F-80 Shooting Star 1:48 Monogram #85-5311 Review

RoR Step-by-Step Review 20110930* – F-80 Shooting Star 1:48 Monogram #85-5311 Review Click Here to Buy This Kit

The Monogram 1/48 scale F-80 Shooting Star (kit #85-5311), originally issued in 1977 and re-released in 2010, is a replica of the first turbojet fighter accepted to serve in operational strength with the US Air Force. It’s Allison J-33 gas turbine engine made it capable of reaching speeds in excess of 550 mph.















022) My next task was to assemble, paint, and install the tip tanks and 1,000 pound bombs under the wings. The “Lid-Do-Bee” version calls for this setup, although wing tanks and napalm tanks are provided for the modeler to mix and match under-wing armament. After assembling the tip tanks, I hand-painted the tips of them Testor’s Engine Red enamel to match the box art.

023) The bombs should be painted olive drab with white spinners, but since I didn’t have olive drab paint, I went with Dupli-Color Hot Rod Gray primer instead. I don’t think bombs really care what color they’re painted when deployed, so I didn’t worry about the discrepancy. ;c) I attached the tip tanks to the edges of the wings, installed the pylons for the bombs, then attached the bombs themselves onto the pylons. This was a hassle-free installation. I then painted the wing tip lights Tamiya clear red on the port side and zinc chromate green on the starboard side, only because I don’t have Tamiya clear green paint. That is on my “paint list”.

I then installed the clear windshield, whose frame was paint-detailed with a silver Sharpie. The locator points are rather vague, so I had to maneuver it into place using Elmer’s clear School Glue Gel. I glued the canopy frame into the fuselage in the open position, and then used the Elmer’s glue to attach the clear canopy. This operation was seamless.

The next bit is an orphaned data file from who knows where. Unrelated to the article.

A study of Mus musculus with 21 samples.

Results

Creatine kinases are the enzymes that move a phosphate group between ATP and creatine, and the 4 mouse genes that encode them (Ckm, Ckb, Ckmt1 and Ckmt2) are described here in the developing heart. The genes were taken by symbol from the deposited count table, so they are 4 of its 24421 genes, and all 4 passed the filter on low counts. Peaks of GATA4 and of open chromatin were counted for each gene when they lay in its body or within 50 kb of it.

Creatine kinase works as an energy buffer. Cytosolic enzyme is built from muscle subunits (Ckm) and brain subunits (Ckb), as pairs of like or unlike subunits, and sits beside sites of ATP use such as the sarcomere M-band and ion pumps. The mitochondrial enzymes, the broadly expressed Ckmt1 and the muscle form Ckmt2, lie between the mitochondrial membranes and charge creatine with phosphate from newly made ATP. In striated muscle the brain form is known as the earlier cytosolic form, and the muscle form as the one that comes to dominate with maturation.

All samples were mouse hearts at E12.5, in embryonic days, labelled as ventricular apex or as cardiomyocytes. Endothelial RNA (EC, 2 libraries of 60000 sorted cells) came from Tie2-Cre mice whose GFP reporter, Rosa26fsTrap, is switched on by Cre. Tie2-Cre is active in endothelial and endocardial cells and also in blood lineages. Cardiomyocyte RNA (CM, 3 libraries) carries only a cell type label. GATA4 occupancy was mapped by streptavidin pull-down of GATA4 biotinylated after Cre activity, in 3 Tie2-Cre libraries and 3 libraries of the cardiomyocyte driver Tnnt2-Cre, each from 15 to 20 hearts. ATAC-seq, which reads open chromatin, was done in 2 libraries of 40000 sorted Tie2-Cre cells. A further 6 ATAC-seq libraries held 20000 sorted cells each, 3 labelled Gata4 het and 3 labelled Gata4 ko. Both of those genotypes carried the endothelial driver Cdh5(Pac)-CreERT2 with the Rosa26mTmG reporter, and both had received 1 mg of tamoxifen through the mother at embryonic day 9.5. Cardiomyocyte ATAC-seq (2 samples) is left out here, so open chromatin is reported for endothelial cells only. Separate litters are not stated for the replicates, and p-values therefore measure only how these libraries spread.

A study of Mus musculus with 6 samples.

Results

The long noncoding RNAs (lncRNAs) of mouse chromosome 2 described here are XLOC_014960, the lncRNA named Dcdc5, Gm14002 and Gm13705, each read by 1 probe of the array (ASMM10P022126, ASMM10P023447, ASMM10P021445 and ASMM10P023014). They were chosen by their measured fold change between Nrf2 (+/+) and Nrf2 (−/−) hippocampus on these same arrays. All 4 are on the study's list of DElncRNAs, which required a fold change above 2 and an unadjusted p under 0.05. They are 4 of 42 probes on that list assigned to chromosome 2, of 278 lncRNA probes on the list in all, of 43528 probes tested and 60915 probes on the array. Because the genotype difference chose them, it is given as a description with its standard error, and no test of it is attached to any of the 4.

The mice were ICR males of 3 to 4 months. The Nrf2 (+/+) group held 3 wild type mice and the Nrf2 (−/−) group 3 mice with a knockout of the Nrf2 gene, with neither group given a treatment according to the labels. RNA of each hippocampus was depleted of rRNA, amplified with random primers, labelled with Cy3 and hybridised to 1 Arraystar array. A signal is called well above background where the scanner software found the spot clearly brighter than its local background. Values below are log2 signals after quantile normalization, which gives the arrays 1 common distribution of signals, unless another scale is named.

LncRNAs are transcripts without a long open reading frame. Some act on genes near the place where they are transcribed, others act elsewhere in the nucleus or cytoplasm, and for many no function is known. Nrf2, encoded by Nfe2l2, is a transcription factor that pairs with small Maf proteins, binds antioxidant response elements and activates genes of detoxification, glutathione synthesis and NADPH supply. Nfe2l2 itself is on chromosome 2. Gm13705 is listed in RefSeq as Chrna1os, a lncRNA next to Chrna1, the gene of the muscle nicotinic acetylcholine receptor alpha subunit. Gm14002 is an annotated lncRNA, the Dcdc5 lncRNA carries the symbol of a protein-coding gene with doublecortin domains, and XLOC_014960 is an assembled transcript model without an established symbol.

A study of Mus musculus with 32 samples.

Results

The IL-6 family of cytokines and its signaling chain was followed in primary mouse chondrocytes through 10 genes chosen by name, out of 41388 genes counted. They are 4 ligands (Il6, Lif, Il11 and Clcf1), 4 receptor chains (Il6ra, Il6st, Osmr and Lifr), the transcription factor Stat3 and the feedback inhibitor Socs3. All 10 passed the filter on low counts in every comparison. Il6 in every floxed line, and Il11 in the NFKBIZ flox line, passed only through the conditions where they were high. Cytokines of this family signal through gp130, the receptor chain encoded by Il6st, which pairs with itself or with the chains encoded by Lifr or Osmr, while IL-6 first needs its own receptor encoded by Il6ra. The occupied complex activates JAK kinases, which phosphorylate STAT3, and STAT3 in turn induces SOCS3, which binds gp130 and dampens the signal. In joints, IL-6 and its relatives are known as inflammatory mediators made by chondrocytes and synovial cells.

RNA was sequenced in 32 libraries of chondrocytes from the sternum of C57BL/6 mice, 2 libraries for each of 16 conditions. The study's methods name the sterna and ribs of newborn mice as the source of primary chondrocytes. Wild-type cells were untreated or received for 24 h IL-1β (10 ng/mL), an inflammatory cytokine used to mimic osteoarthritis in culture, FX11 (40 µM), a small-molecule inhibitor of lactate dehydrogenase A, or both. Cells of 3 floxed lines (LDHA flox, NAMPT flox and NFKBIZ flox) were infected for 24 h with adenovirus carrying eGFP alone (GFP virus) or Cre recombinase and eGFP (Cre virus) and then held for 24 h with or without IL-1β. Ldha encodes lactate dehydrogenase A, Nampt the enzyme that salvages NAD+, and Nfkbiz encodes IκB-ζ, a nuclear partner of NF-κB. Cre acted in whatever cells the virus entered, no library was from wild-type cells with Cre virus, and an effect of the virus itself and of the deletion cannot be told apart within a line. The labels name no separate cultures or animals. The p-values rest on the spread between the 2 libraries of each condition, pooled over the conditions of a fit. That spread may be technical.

026) Since this particular kit provides a separate rear fuselage, which can be removed to display the engine/exhaust, Revell provides a six-piece “cradle” on wheels which supports the rear fuselage upon disengagement from the main craft. The instructions call for it to be painted yellow with flat black wheels and cradle “pads”. I painted mine aluminum, since I had no yellow spray paint available, and detailed the wheels/pads accordingly.

027) I mocked up the cradle being attached to the rear fuselage ready for detachment.

025) Revell also provides a clear post which attaches to the rear of the forward fuselage in order to prevent the model from “tail-dragging”. Many aircraft models tend to be tail-heavy, and thus will not display correctly on their respective landing gear. Kudos to Revell for this thoughtful addition. Most experienced aircraft modelers are aware of this problem when displaying their planes, and counter the issue by gluing small pieces of lead into the cavities of the nose of the aircraft, thereby providing enough weight up front to prevent the plane from tipping backward when complete and displayed with landing gear down. Since my fishing weights are invaluable to me, I opted for the kit-provided support post. As a result, the completed aircraft sits properly and looks realistic.

Final impressions: Initially I was rather hesitant to take on a different genre of subject matter when it came to building and reviewing a kit; my “comfort zone” is automotive subjects. However, I have built aircraft successfully in the past, just not for the “spotlight”, as it were. My overall impression of this particular kit is lukewarm. Fit and finish issues, decals, and vague instructions contributed to my assessment. In all fairness, however, since I am not an experienced aircraft modeler, my opinions are rather skewed. I will say though that I like the options the modeler has available when building this kit. It’s not too bad for a 1977 tooling. Flash wasn’t even an issue here…it was completely absent. This kit is excellent for a shelf/display model, but falls short if one expects to build it for a contest entry, especially if entering it with the exposed engine. The engine lacks much in detail. Lots of aftermarket parts (if they’re even available for this kit) would be needed to qualify it for serious contention in a contest, especially IPMS. Besides, despite its important history in US military aviation, it’s not one of my favorite US military aircraft subjects; that distinction goes to the A-4 E/F (and later) Skyhawks and the A-7 Corsairs. But then…that’s just me.”